Given the uncertain outlook for the UK economy as Brexit talks commence, a 30% capital gain by 2019 may sound somewhat unlikely. That’s especially the case for a company which is UK-focused and that operates within the financial services sector. However, a results release on Tuesday suggests the company in question offers strong growth potential. When coupled with a low valuation, its shares could deliver stunning capital gains over the medium term.
Virgin Money (LSE: VM) recorded an increase in underlying profit before tax of 33% in 2016, with a rise in customer loan balances of 19% against strict underwriting principles. Much of the growth was due to a higher volume of customers, with its customer base rising by 15% to 3.3m at a rate of over 35,000 per month. This was driven largely through digital channels, where the bank is expected to invest heavily in the coming years.
Virgin Money’s gross mortgage lending grew by 12% to £8.4bn. This gives it a 3.4% share of the lucrative mortgage market and means that it is gradually transitioning from a challenger bank towards a more established entity. Its capital position remains strong, with a common equity tier 1 (CET1) ratio of 15.2% and a total capital ratio of 20.4%. If the UK economy does experience a slowdown as a result of Brexit, the company appears to be well-placed to survive.
Over the next two years, Virgin Money’s bottom line is forecast to rise by over 25%. Certainly, there is scope for a downgrade to this figure if the macroeconomic outlook deteriorates. However, given that the bank’s valuation includes a wide margin of safety, a share price gain of 30% could be on the cards even if trading conditions become unfavourable.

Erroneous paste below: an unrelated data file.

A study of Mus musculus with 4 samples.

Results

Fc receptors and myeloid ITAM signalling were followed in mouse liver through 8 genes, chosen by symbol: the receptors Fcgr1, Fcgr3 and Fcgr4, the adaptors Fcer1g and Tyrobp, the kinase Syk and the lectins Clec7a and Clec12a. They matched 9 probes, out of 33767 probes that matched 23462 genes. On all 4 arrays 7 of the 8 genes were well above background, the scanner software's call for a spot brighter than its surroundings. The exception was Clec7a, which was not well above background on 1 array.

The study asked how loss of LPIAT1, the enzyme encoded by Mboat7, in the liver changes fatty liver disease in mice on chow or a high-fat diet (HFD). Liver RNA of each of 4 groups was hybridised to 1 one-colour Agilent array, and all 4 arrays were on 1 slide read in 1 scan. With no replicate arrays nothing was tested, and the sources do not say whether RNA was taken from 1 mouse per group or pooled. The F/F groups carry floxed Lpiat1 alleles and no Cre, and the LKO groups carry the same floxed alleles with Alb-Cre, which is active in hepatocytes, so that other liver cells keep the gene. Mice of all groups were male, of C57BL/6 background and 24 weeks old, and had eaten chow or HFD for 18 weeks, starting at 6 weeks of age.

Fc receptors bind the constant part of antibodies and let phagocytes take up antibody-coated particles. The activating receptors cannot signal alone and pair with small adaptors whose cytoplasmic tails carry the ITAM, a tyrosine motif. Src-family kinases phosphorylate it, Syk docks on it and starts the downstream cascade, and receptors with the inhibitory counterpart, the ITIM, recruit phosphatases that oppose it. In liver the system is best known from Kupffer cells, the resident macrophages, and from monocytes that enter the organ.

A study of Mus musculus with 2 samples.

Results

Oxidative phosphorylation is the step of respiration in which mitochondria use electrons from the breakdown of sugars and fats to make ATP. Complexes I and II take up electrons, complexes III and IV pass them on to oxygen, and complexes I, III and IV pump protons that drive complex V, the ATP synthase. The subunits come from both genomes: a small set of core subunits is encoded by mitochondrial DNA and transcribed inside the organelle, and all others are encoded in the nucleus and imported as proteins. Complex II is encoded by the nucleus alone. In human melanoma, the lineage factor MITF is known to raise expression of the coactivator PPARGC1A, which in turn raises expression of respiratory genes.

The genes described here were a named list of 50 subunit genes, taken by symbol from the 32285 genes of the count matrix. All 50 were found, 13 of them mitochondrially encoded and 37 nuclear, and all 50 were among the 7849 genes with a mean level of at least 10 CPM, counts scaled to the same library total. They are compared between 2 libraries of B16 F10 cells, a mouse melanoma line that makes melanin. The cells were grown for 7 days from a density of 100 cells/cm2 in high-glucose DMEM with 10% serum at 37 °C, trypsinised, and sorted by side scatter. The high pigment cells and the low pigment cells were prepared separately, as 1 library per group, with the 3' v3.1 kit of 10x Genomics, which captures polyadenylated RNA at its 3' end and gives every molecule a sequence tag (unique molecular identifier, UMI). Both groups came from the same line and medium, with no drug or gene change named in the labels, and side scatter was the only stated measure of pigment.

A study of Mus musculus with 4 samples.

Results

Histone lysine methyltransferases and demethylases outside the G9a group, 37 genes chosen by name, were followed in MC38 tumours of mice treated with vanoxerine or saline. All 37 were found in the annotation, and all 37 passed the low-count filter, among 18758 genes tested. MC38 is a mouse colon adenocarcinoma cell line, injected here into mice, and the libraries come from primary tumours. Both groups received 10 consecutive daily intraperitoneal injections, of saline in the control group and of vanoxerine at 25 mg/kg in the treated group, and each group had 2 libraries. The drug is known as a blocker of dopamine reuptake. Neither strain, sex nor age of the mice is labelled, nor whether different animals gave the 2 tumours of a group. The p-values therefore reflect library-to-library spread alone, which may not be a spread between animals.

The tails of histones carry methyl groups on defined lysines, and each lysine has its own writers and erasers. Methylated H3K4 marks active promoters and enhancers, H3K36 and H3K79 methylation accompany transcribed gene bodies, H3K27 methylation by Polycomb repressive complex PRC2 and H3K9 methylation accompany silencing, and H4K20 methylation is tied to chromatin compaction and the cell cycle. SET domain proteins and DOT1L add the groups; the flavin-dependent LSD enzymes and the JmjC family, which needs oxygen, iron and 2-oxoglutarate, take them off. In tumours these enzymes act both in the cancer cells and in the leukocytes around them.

For example, the company’s shares have a price-to-earnings (P/E) ratio of only 10.9, which equates to a price-to-earnings growth (PEG) ratio of only 0.9. This indicates a share price gain of 30% could take place and still leave Virgin Money trading on a relatively enticing valuation. And since it lacks the legacy issues of a number of its larger, more established peers, it could even be viewed as lower risk in the near term.
Of course, a number of other banking stocks could deliver high returns by 2019. Fellow challenger bank Aldermore (LSE: ALD) has a P/E ratio of just 9 and yet is forecast to grow its bottom line by 11% this year and by a further 6% next year. This puts it on a PEG ratio of only 1.1, which while higher than that of Virgin Money still suggests a higher share price is warranted.
Aldermore’s new branding and marketing campaign could improve its performance over the medium term and lead to higher profitability than forecast. Its focus on business lending means it may have some scope to expand into what remains a highly profitable mortgage market. As such, now could be the perfect time to buy it, although its sector peer could be an even more profitable investment between now and 2019.